According to The Innocence Project, 1 out of 4 people that were wrongfully convicted but later exonerated by DNA evidence made a false confession or incriminating statement. This statistics in itself is quite shocking—but the real question is why do innocent people confess to crime they have not committed?
There are many reasons as to why an individual would give a false confession; however, they usually have a common theme: is a belief that complying with the police by saying that they committed the crime in question will be more beneficial than continuing to maintain their innocence. Some factors that can contribute to this notion are psychological disorders, mental disabilities, under the influence, coercion, and threat of violence.
Individuals with mental disabilities have often given false confessions because they want to please the officer. Another reason why such individuals give a false confession is because of strenuous hours and hours of police interrogation—with the promise of being allowed to go home after a confession. It is important to note that many law enforcement interrogators are not given any special training on questioning suspects with mental disabilities.
But what about individuals that are do not have a mental disability? Interrogators come in with the notion that the suspect is guilty; therefore, will put said suspect through hours of interrogation that can make the suspect question his or her own guilt. In order to understand this, let’s dive into the psychology behind interrogation tactics. In a 2010 paper for Law and Human Behavior, psychologists, Jessica Swanner and Denise Beike, created a laboratory simulation, using about 200 University of Arkansas students as guinea pigs. Experimenters posing as fellow study participants were paired with the actual test subjects. In some cases, these fake subjects admitted to having messed up a previous experiment by crashing a computer. In the other cases, they denied it. Later, the real test subjects were offered an incentive—being credited with participation in another round of testing without actually having to stick around and being entered in a raffle to win $50—if they ratted out their “partner” for their bad behavior.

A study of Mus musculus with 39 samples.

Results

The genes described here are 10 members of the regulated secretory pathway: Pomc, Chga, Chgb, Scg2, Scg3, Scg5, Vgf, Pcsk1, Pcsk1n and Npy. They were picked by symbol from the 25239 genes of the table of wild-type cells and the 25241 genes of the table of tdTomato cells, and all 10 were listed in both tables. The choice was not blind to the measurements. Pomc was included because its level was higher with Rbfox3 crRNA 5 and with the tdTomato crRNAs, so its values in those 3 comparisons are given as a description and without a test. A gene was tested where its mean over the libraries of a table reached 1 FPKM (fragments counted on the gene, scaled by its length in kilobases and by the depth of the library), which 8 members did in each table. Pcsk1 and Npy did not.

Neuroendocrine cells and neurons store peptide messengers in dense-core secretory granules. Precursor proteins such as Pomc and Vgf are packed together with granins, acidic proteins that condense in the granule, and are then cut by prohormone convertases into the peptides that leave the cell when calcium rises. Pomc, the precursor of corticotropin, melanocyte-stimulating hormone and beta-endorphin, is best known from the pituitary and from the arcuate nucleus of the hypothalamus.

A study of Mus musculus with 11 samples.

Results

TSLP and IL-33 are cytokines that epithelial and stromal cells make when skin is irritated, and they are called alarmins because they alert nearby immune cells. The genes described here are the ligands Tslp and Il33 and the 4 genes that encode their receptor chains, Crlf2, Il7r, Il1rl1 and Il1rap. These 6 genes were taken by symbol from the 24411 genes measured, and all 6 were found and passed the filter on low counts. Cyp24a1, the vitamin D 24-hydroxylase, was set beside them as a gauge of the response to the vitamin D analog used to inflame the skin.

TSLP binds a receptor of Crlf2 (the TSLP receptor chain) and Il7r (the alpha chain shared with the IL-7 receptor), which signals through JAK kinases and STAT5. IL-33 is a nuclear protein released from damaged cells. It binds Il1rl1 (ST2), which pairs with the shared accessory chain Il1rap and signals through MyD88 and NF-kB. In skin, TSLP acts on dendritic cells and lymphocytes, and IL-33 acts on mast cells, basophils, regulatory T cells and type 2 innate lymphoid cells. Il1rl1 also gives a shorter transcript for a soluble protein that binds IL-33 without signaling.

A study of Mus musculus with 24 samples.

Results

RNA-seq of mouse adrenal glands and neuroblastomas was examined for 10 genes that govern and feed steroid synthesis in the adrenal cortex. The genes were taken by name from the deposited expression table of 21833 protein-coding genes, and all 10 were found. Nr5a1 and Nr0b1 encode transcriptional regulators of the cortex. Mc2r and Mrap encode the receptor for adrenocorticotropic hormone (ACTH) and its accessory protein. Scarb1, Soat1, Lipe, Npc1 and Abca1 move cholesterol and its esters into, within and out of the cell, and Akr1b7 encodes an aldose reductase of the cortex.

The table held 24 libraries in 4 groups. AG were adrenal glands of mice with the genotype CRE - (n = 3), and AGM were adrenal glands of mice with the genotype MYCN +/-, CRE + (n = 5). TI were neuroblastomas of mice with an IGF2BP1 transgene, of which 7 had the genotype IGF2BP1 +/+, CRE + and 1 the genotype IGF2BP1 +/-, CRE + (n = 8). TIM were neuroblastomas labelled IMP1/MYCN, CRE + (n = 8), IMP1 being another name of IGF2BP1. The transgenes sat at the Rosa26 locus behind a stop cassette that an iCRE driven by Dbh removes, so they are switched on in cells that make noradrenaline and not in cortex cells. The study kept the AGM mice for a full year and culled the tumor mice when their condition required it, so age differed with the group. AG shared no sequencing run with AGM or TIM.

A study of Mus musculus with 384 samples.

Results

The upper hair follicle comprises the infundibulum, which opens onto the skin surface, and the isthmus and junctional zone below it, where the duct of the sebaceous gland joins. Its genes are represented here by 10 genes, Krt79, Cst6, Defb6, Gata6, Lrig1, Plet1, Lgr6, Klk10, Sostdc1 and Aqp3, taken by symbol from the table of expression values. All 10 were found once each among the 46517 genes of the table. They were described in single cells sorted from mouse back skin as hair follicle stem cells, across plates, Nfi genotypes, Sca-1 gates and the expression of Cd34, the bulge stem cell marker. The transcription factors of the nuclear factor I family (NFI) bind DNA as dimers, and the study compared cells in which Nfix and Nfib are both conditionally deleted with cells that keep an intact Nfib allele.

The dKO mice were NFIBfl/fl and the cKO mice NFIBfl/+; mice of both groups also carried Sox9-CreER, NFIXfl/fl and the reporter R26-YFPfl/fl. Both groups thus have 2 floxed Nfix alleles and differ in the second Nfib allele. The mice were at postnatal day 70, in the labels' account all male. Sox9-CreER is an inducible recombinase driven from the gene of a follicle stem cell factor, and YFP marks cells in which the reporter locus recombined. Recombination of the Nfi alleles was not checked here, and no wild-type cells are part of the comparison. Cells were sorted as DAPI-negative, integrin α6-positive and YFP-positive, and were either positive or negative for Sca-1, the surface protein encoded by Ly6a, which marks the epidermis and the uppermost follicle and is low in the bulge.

What they discovered were that people were almost always willing to turn their fellow subject in, with or without a reward, and whether or not they were encouraged to bond—as long as they believed they were actually guilty. It was only when the suspect has insisted they were innocent that things got more complicated.
Overall, we can conclude that law enforcement not only needs to learn how to approach individuals with mental disabilities, but also how to not presume guilt. Remember, you have the right to remain silent until you have an attorney in present–and even then, you do not need to converse with law enforcement.